Haitian hotel workers who say they were fired for speaking Creole while Hispanic workers were free to chat in Spanish were awarded a hefty payout Monday to settle a discrimination suit brought against the lavish Miami inn.
On Friday, the SLS South Beach hotel agreed to a $2.5 million settlement to the 17 workers who were booted, The Miami Herald reported. The million-dollar payment stemmed from a lawsuit filed in April 2017 by the Equal Employment Opportunity Commission.
“ … The EEOC will continue to protect workers in the hospitality industry, including the Black, Haitian community that makes up a significant part of the South Florida workforce,” Michael Farrell, district director for the EEOC’s Miami office, said in a statement.
In the lawsuit, Haitian dishwashers employed at the hotel’s various restaurants claim they were banned from speaking Creole, yet their Latino colleagues were still allowed to speak Spanish. They also alleged they were forced to lug heavy items up the hotel’s 13 flights of stairs while other employees were spared.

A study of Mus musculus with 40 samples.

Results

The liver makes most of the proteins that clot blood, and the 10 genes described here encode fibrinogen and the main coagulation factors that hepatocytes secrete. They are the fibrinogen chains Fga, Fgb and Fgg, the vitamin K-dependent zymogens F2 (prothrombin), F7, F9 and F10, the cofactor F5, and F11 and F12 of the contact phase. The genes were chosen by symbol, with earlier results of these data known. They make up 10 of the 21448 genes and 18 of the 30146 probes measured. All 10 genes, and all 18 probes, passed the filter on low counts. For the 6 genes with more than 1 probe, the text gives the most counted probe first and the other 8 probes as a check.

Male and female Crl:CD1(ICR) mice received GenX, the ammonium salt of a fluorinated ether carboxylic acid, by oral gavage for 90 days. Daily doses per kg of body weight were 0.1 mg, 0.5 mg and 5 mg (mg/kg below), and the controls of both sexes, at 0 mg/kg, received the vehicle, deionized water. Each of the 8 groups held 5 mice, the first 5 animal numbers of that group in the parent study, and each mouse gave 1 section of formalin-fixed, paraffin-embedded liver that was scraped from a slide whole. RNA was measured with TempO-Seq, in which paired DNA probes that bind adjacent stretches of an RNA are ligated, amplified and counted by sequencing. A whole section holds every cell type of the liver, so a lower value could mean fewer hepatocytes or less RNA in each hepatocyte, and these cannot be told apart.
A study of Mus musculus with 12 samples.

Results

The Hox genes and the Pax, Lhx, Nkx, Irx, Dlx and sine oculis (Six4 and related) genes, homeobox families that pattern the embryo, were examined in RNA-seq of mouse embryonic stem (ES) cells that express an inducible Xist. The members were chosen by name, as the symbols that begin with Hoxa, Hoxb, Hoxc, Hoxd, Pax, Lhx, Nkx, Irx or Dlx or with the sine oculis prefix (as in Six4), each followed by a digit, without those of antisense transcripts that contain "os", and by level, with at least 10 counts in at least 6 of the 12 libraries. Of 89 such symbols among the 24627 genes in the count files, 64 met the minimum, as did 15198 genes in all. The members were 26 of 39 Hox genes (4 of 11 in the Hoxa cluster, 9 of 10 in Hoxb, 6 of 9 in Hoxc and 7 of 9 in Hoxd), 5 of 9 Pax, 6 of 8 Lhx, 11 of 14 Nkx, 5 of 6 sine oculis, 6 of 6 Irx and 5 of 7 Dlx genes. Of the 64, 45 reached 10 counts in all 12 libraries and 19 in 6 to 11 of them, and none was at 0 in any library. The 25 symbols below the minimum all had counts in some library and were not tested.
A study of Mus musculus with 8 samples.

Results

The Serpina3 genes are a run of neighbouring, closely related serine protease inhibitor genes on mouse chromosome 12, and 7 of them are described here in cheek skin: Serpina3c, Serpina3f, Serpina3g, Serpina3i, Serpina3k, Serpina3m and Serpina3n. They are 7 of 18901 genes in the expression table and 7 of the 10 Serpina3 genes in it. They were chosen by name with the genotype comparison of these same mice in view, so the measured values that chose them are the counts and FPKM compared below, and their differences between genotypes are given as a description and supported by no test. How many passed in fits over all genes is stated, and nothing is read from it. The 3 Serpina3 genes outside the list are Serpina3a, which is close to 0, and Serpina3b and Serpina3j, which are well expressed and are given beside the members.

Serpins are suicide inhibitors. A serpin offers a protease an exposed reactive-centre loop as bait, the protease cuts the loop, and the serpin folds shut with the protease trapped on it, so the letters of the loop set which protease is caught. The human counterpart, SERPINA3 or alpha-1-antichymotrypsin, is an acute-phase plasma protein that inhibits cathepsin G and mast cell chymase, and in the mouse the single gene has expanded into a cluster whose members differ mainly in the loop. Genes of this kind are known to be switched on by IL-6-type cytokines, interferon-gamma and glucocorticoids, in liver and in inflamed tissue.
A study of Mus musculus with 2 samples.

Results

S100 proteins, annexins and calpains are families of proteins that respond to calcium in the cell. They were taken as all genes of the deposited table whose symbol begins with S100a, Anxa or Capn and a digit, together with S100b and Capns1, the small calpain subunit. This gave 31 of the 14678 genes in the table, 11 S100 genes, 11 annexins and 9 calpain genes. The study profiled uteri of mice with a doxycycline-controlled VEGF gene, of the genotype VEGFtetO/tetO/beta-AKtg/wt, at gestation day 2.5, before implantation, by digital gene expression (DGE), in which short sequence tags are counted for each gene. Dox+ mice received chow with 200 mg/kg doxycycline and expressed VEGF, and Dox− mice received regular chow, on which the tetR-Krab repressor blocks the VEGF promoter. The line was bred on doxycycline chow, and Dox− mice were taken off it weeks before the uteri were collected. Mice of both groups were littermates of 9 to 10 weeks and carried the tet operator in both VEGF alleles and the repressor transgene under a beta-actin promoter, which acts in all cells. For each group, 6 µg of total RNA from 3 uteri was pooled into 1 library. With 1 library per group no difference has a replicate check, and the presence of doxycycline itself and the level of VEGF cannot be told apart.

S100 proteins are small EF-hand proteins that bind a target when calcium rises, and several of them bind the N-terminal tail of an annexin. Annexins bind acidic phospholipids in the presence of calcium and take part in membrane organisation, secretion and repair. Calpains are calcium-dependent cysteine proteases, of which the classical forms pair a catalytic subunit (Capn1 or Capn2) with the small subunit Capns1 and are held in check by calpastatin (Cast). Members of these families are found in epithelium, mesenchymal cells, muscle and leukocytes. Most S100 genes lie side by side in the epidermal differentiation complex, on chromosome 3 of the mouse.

When the service elevator broke down and workers asked that it be fixed, one manager allegedly said, “Let those slaves do the work,” according to the complaint.
The disgruntled workers took their concerns to human resources in April 2014. That same day, the entire Haitian dishwashing staff was fired and replaced with a crew “made up of almost entirely of white and/or Hispanic workers,” the suit alleges. James Greeley, chief legal officer of the hotel’s parent company, denied the group’s firing was racially motivated, however, and said the decision was a “legitimate business move” after the hotel was forced to outsource its staff.
“We’re an inclusive company which employs people of over 60 nationalities,” Greeley told the Miami Herald, nothing that not everyone who got fired was of Haitian descent.
As part of the settlement, SLS South Beach will be required to hold mandatory anti-bias training for all chefs, sous chefs, hourly employees and managers who work in the hotel’s eateries, Local News 10 reported. Federal officials will also monitor the hotel, keeping track of the names and national origins of all workers who are hired and fired.
Greeley said the hotel hoped to settle the lawsuit “as amicably as possible” for the benefit the fired employees.
“At the end of the day these were our employees,” he said. “These aren’t adversaries.”